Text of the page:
I've been researching fans and the ones I've found all seem to vent to the attic. Why is that? Why can't they vent directly to the outside? It seems more efficient that way. Otherwise you have to have anothe fan to vent the air in the attic.
As was said in the comments on your question, you get additional efficiency by clearing hot air in the attic in the process. Your house air is maybe 75-80* F, while your attic can be 100* or more. Ventilating the home and the attic results in greater overall cooling by reducing heat that would conduct back through any attic insulation.
I assume here that whole-house ventilation is used exclusively for cooling, and that we're not discussing heat recovery ventilators (HRVs), which are typically only used for bath and kitchen ventilation and are installed according to strict protocols, which wouldn't allow attic discharge.
There are three reasons why whole house fans generally vent into attics. First, whole house fans are designed to pull air from the highest point in the living space of a house, which is generally where the warmest air collects. This removed air is replaced by cool air entering windows in the first floor, flushing the warm air out of the house. The highest point is generally the ceiling of the top floor, so the obvious route for the air is at least into the attic. However, whole house fans are designed to handle large amounts of air, so it's better to vent the fan into the attic rather than directly out an enormous vent in the roof or gables.
Second, the attic is often the low-rent district of the house, which makes it a good location for the fan mechanism itself.
The third reason was raised in another answer: cooling the attic will reduce the heat load on the main house. However, a properly insulated house (at least in non-tropical climes) will have enough insulation between the top floor ceiling and the attic itself that it won't matter much what the attic temperature is; the heat won't have much of an effect on the floors below. Still, there is some benefit to having a cooler attic.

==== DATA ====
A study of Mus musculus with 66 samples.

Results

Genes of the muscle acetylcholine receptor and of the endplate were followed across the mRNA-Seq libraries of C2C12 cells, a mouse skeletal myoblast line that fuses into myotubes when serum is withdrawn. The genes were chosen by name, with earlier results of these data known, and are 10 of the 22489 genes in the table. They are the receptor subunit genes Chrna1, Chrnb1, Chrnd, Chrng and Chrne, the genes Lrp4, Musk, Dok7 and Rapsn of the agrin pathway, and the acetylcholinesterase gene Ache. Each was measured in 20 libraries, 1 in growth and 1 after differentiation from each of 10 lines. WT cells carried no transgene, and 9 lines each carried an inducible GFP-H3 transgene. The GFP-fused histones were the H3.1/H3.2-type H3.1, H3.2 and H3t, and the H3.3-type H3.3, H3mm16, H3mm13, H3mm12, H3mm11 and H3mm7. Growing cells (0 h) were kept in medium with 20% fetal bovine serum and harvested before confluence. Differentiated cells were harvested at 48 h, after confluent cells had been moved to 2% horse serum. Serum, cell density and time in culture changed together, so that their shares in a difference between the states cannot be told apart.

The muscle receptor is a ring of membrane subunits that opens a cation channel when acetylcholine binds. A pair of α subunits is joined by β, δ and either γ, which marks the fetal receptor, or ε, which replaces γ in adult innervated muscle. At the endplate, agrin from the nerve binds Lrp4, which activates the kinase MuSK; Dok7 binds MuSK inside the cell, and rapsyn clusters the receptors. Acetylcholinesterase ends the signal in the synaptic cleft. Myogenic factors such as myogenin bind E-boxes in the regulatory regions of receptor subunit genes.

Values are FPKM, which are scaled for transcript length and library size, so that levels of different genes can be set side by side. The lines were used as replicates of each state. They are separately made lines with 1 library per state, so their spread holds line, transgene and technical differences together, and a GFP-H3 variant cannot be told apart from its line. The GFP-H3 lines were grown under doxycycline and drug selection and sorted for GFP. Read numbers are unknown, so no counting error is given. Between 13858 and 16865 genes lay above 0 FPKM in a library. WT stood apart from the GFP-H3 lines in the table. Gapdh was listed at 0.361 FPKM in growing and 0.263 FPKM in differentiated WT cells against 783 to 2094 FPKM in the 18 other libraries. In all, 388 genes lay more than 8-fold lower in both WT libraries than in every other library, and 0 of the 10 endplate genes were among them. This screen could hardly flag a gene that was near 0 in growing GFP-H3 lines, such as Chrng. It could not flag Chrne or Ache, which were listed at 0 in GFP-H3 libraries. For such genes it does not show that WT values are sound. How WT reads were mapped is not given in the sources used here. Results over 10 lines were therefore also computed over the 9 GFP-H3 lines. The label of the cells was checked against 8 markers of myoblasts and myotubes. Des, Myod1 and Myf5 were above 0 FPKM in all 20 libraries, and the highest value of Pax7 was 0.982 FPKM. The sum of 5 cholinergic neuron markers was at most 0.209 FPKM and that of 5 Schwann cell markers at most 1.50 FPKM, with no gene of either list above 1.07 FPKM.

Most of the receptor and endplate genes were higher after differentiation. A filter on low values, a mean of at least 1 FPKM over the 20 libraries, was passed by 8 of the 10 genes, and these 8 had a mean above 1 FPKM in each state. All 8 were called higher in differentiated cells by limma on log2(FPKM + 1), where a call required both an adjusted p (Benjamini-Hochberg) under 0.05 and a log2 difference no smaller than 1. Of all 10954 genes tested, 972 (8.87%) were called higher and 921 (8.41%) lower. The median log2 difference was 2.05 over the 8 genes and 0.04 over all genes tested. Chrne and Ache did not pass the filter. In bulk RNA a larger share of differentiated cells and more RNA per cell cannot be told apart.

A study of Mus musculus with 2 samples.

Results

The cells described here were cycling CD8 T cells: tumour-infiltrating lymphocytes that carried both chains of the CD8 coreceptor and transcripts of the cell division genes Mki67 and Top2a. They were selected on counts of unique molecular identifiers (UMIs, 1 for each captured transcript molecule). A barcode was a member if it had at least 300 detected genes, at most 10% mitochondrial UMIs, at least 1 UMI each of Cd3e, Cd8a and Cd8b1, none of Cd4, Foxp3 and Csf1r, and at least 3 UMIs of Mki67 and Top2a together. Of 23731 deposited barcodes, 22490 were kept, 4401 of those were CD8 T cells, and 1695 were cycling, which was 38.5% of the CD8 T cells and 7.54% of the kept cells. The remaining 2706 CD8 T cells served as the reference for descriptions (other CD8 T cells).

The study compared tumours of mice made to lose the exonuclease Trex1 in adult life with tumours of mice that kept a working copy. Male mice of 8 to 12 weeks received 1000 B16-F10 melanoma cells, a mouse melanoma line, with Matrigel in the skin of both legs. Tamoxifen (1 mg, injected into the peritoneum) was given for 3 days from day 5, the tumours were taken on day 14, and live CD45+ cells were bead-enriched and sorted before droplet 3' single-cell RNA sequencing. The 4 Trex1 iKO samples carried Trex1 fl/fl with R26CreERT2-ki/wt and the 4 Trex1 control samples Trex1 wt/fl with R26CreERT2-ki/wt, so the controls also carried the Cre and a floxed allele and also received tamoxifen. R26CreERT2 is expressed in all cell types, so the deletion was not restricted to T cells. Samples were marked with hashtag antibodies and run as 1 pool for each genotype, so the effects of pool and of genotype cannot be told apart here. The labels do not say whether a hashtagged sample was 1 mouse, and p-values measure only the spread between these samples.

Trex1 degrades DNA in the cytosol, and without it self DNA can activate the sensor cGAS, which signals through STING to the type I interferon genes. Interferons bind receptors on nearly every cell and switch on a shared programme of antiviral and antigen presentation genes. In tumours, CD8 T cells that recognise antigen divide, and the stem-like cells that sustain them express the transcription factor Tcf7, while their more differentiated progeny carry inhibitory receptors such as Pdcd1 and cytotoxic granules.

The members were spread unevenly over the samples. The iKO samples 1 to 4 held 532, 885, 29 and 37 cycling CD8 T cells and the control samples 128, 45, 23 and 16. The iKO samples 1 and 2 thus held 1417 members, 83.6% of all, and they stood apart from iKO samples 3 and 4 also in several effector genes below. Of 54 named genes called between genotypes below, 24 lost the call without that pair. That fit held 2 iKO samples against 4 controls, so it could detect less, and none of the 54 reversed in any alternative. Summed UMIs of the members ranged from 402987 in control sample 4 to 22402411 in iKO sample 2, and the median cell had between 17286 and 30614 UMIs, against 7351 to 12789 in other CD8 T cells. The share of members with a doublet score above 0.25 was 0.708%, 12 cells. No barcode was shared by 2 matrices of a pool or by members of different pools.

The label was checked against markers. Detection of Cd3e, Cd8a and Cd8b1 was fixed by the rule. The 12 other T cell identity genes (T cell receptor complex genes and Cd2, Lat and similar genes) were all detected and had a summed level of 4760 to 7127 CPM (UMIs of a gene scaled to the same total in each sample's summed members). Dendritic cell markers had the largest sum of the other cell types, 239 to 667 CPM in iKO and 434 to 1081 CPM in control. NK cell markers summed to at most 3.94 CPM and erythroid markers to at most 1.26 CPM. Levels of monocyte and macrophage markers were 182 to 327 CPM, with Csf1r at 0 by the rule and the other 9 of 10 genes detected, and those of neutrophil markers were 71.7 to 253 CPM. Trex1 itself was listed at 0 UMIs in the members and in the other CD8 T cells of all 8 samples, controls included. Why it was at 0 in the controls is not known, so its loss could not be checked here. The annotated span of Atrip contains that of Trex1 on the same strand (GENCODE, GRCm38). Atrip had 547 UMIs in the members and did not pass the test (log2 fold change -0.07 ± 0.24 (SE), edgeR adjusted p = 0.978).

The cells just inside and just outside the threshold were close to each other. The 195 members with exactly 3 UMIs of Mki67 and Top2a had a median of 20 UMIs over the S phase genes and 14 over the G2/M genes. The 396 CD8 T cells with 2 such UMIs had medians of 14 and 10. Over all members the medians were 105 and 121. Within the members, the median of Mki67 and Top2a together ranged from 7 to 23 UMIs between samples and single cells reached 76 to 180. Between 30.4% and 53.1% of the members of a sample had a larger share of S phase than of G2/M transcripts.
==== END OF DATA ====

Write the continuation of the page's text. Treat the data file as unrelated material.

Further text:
Add all this together, and you find the majority of whole-house fans will vent into the attic, with the attic in turn vented to the outside by any of a wide variety of (generally passive) methods.
Depending on your climate, venting a bathroom or other house fan to the attic is a very bad idea. If you live in a cold climate (outside temp lower than room temp), the colder attic will cause condensation of the warm moist home air or even freezing of the water vapour in the attic, potentially leading to mould or rot of the wood, or ice in the attic insulation. These are all undesirable.
Vent any house fan directly to the outside. This is usually done with a flex duct run from the fan outlet, through the wall or ceiling to a vent cover on an outside wall (not through the roof, unless you install a fan roof vent specifically designed for this purpose).
The attic should be properly vented on it's own with soffit vents on the bottoms and ridge or roof vents near the top, and not rely on house fans to motivate air flow in the attic.